Blurb; Pull on your wellies, grab your flat cap and join Jeremy Clarkson in this hilarious and fascinating behind-the-scenes look at the farm we’re all obsessed with.
Welcome to Clarkson’s farm.
An idyllic spot offering picturesque views across the Cotswolds, bustling hedgerows and natural springs, it’s the perfect plot of land for someone to delegate the actual, you know, farming to someone else while he galivants around the world in cars.
Until one day, Jeremy decided he would do the farming itself.
After all, how hard could it be? . . .
Faced with suffocating red tape, biblical weather, local objections, a global pandemic and his own frankly staggering ignorance of how to ‘do farming’, Jeremy soon realises that turning the farm around is going to take more than splashing out on a massive tractor.
Fortunately, there’s help at hand from a large and (mostly) willing team, including girlfriend Lisa, Kaleb the Tractor Driver, Cheerful Charlie, Ellen the Shepherd and Gerald, his Head of Security and Dry Stone Waller.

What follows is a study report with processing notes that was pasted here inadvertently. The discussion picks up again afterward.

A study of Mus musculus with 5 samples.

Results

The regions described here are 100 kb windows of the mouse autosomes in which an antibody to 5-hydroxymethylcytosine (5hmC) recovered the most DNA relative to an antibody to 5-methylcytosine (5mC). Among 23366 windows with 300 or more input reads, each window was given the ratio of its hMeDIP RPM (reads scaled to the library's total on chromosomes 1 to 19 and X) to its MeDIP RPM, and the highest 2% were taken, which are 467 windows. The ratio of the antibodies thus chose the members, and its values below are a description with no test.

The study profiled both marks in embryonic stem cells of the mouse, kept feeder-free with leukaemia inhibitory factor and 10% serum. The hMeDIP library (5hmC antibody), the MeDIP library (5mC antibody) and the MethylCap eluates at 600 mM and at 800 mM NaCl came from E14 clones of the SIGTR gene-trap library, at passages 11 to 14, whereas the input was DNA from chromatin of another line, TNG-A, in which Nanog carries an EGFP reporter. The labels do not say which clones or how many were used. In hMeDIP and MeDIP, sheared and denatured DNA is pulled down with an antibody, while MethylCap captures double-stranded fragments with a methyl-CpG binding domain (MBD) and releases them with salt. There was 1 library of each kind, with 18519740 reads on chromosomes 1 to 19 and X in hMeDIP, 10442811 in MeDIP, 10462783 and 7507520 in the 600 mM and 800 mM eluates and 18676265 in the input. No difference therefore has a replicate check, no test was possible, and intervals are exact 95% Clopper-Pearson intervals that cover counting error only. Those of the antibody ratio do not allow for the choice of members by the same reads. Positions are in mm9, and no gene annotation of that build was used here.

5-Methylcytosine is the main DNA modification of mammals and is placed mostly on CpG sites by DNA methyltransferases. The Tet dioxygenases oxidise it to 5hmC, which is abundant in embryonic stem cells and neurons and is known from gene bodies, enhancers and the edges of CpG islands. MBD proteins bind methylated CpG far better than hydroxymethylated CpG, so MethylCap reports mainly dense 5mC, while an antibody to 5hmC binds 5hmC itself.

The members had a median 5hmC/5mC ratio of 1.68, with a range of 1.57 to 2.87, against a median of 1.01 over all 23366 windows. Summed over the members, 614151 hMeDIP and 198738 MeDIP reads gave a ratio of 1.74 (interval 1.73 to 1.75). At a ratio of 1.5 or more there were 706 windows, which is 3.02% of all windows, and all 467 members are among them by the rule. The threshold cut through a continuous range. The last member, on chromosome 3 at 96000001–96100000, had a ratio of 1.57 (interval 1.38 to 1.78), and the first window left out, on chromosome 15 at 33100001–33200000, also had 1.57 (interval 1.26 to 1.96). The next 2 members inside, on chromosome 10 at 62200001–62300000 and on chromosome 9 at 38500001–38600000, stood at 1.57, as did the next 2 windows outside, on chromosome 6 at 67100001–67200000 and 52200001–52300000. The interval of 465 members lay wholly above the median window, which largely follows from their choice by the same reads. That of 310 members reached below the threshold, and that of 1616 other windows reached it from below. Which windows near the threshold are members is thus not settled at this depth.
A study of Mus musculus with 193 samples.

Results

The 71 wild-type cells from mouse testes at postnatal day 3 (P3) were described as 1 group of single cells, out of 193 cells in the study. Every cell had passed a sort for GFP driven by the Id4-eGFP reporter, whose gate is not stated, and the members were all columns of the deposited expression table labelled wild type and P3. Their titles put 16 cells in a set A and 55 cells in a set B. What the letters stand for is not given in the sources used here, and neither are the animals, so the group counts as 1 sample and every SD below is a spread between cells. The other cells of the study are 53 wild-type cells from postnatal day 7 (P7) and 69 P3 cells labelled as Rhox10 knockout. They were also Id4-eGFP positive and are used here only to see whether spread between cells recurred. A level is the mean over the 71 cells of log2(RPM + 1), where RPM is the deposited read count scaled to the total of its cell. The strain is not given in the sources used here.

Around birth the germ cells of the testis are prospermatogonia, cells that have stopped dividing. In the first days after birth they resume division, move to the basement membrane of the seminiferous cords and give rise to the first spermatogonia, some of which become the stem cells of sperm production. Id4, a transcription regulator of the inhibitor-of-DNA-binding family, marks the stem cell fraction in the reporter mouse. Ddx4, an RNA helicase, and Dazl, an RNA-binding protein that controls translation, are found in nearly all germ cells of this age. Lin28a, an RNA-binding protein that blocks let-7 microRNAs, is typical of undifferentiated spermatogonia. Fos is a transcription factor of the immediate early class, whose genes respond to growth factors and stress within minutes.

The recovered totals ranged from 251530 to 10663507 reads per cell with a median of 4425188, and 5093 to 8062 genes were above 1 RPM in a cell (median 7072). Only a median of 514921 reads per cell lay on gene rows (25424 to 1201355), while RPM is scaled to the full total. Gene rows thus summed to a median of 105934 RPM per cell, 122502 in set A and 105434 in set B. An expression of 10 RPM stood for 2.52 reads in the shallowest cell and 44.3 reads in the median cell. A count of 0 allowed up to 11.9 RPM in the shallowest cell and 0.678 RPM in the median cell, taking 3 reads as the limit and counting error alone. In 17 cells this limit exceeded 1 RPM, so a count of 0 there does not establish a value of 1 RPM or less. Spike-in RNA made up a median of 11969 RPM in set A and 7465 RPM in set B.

Between them, they enthusiastically cultivate crops, rear livestock and hens, keep bees, bottle spring water and open a farm shop. But profits remain elusive.
And yet while the farm may be called Diddly Squat for good reason, Jeremy soon begins to understand that it’s worth a whole lot more to him than pounds, shillings and pence . . .
My review; I’ve always been a huge fan of Jeremy Clarkson in top gear, grand tour and now his own farm series over on Amazon which I enjoyed and thought it was hilarious. So imagine me seeing him bringing out a book about it too. Its basically everything that was shown in series one of his farm series with a few bits I don’t remember being in the show. Each chapter is written just how Jeremy would speak it himself. So parts had me laughing away while reading. But it’s a very interesting read. I’m not one to read about farms usually but put Jeremy Clarkson running it I’m interested. He’s blunt. Honest. Funny and he tells everything as it is. I actually learnt a lot about farming through his program and this book so he made me aware of several things. A brilliant read. An easy, short read at just over 200 pages. A well deserved four stars.